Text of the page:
Tech Reviews: ODD Ball

Dale Wills
Saturday, January 1, 2022

Dale Wills reviews the ODD Ball – a silicone covered ball equipped with trigger pads that creates new samples via touch.

 The ODD Ball has an accompanying app
The ODD Ball has an accompanying app

As a keyboard player, my studio is built around keyboard triggers, with a few sample pads finding their way in. For learners without a classical theoretical foundation, the range of new MIDI controllers available offers an alternative entry point to production and could open up a world of music making.

ODD Ball is a novel approach to the MIDI trigger model. The hardware component is a robust silicone covered ball, which triggers samples via Bluetooth. The surface is equipped with trigger pads which link to an app, triggering a sample. The latency on the return measured under 30ms when paired with the app, and not appreciably more when paired with a DAW (digital audio workstation).

The trigger pads are velocity sensitive and returned an appreciably accurate range of 1–127 on different bounces on the sensitive touch mode. For less velocity sensitive tasks, there is a ‘hypersensitive off’ feature, which is useful for laying down percussive tracks.

Bouncing off the walls

Keen to give this a try, I took the ODD Ball along to a local primary school where I was running an Introduction to Music Production workshop. My first discovery was that the battery life of the ball survived much longer than the advertised hour, even being passed among a class of excited primary school students.

The sample library in the app is organised by genre; Arcade, Disco, Grime, Hip Hop, Rock, World Sounds, and an ‘ODD’ library made up of SFX. The app has an intuitive user interface, which KS2 students took to without any prompting. The interface allows producers to ‘bank up’ a library of samples, which can then be interchanged during recording with a swipe. Once the learners got over the shock of being allowed to throw an instrument against a wall, they quickly started developing some intricate and imaginative beat patterns – I can imagine the ODD being a highly accessible way of enabling students with additional needs to make music. The latency when pairing the app with a Bluetooth speaker was slightly more noticeable, but still more than low enough to allow for real time music making.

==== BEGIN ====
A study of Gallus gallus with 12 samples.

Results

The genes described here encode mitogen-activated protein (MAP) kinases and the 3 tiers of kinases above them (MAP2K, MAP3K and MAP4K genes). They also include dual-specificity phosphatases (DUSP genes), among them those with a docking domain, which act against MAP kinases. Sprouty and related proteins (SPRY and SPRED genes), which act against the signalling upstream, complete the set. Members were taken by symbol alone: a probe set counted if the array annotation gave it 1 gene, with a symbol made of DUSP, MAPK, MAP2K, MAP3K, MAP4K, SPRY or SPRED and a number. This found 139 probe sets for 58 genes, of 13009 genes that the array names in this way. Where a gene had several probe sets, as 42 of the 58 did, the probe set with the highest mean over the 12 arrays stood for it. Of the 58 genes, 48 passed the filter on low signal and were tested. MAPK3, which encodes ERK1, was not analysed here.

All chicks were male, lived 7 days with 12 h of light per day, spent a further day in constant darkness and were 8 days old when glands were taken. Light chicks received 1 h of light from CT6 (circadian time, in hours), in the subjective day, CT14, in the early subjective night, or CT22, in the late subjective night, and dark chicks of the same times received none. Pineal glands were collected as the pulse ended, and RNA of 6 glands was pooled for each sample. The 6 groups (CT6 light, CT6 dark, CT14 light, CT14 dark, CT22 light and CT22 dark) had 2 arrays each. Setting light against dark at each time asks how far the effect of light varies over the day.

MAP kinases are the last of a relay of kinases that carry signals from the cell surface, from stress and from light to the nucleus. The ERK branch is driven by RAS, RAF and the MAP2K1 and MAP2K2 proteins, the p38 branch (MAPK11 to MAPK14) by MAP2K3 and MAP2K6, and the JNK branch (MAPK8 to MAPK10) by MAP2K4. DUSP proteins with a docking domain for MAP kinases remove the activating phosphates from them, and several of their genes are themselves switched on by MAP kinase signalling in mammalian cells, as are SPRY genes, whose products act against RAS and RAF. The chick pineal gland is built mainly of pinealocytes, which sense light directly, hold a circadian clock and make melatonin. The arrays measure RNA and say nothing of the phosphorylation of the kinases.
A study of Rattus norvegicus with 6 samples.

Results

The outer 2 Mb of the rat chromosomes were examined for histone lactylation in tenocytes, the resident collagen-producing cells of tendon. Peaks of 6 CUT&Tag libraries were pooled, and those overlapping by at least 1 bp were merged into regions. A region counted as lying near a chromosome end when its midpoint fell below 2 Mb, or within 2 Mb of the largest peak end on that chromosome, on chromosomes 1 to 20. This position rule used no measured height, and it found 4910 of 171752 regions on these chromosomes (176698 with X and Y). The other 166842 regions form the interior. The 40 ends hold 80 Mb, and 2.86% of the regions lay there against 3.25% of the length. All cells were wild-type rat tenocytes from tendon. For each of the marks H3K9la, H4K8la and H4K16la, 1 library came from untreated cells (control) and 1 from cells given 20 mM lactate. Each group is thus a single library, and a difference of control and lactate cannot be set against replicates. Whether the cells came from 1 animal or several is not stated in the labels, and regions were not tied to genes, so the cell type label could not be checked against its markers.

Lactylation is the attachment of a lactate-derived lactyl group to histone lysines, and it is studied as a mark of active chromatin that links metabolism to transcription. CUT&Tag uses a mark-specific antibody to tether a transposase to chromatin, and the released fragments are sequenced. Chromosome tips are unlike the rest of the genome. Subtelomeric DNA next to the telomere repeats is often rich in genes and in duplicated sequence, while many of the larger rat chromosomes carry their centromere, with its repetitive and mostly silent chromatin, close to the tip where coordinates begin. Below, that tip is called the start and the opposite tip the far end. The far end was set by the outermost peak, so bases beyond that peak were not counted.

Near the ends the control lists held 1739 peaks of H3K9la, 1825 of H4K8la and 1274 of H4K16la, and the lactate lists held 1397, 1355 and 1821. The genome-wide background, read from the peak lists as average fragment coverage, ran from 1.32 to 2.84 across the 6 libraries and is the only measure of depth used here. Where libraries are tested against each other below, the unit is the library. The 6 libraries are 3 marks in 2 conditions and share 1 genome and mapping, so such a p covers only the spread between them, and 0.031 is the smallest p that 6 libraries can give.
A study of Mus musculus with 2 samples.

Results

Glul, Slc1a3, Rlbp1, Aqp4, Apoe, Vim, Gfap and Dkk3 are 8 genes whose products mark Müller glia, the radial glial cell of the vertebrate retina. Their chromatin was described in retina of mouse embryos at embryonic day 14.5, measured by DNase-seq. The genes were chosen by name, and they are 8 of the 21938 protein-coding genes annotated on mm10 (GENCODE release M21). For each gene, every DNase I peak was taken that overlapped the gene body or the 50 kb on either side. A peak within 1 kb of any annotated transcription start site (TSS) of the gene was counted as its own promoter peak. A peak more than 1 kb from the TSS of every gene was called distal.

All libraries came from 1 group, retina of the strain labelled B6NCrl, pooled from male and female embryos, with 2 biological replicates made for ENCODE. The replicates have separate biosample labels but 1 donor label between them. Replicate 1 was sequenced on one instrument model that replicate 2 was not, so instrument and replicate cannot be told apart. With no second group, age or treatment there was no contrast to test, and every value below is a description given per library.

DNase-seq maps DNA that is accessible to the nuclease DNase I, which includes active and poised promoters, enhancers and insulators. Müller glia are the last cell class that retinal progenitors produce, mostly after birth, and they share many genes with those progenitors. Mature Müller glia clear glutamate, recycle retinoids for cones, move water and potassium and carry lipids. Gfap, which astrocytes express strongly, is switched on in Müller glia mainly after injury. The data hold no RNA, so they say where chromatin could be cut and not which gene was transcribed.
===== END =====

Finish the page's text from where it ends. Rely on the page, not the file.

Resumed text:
On a roll

Melodic sample libraries are triggered in a brilliantly subversive way – the velocity information is converted into pitch information via a randomiser. The thing that makes this special is how the randomiser is coded. Somehow, irrespective of the combination of throws, dribbles, bounces, and other sporting terminology that completely defeats me, the ODD produces a musically satisfying result. I can't begin to imagine how many hours that coding took, but bass lines, melodies, and even chord pads all came out in a coherent and captivating way.

The app allows the user to record a multitrack beat based on the existing sample library. Utilising the inbuilt phone mic, the app also allows users to add their own samples. The pitch slider then allows for easy manipulation of the sample, which is then mapped to the same pitch/velocity curve as the rest of the melodic sample library. As a word of caution, the app allows a fairly generous record time, although, as these act as one-take shots, playing with longer samples can get tricky!

The app also comes with a series of inbuilt effects filters; Space, Freak, Glitch, Gravity, and Warp, which produced some impressive results. These provide a useful introduction to the world of sonic design.

The only product in its sphere

The real power of the ODD comes when you pair it directly with a DAW. For the purposes of this investigation, I used both Logic Pro and Pro Tools, with the MIDI controller mapped to different parameters in each. For Logic, we mapped the ODD to a range of different filters in the ES2 synth, allowing learners to experiment with a wider range of filter weeps, envelopes and modulation effects. I was particularly impressed with both the lack of latency and sensitivity of the ODD, even when the ball made its way to the other side of the room.

It did also strike me that this would prove a useful way of introducing advanced synthesis parameters at Level 3 and even beyond – not that I'd be keen to have balls bounding around my studio! But for the kinaesthetic learners, triggering the ODD by a range of handheld gestures, while experiencing the changes in sound design over time, would certainly prove more accessible than making small adjustments on a screen.

In Pro Tools, we mapped the ODD to trigger a range of different samples and then apply basic EQ (equaliser) and compression parameters to the result. As a classless MIDI device, the ball will work with any DAW, although mapping it to control different parameters can be a bit time consuming, depending on the software. For a class demonstration, I found it more practical to set up project templates with the appropriate assignments and export the audio from one to another.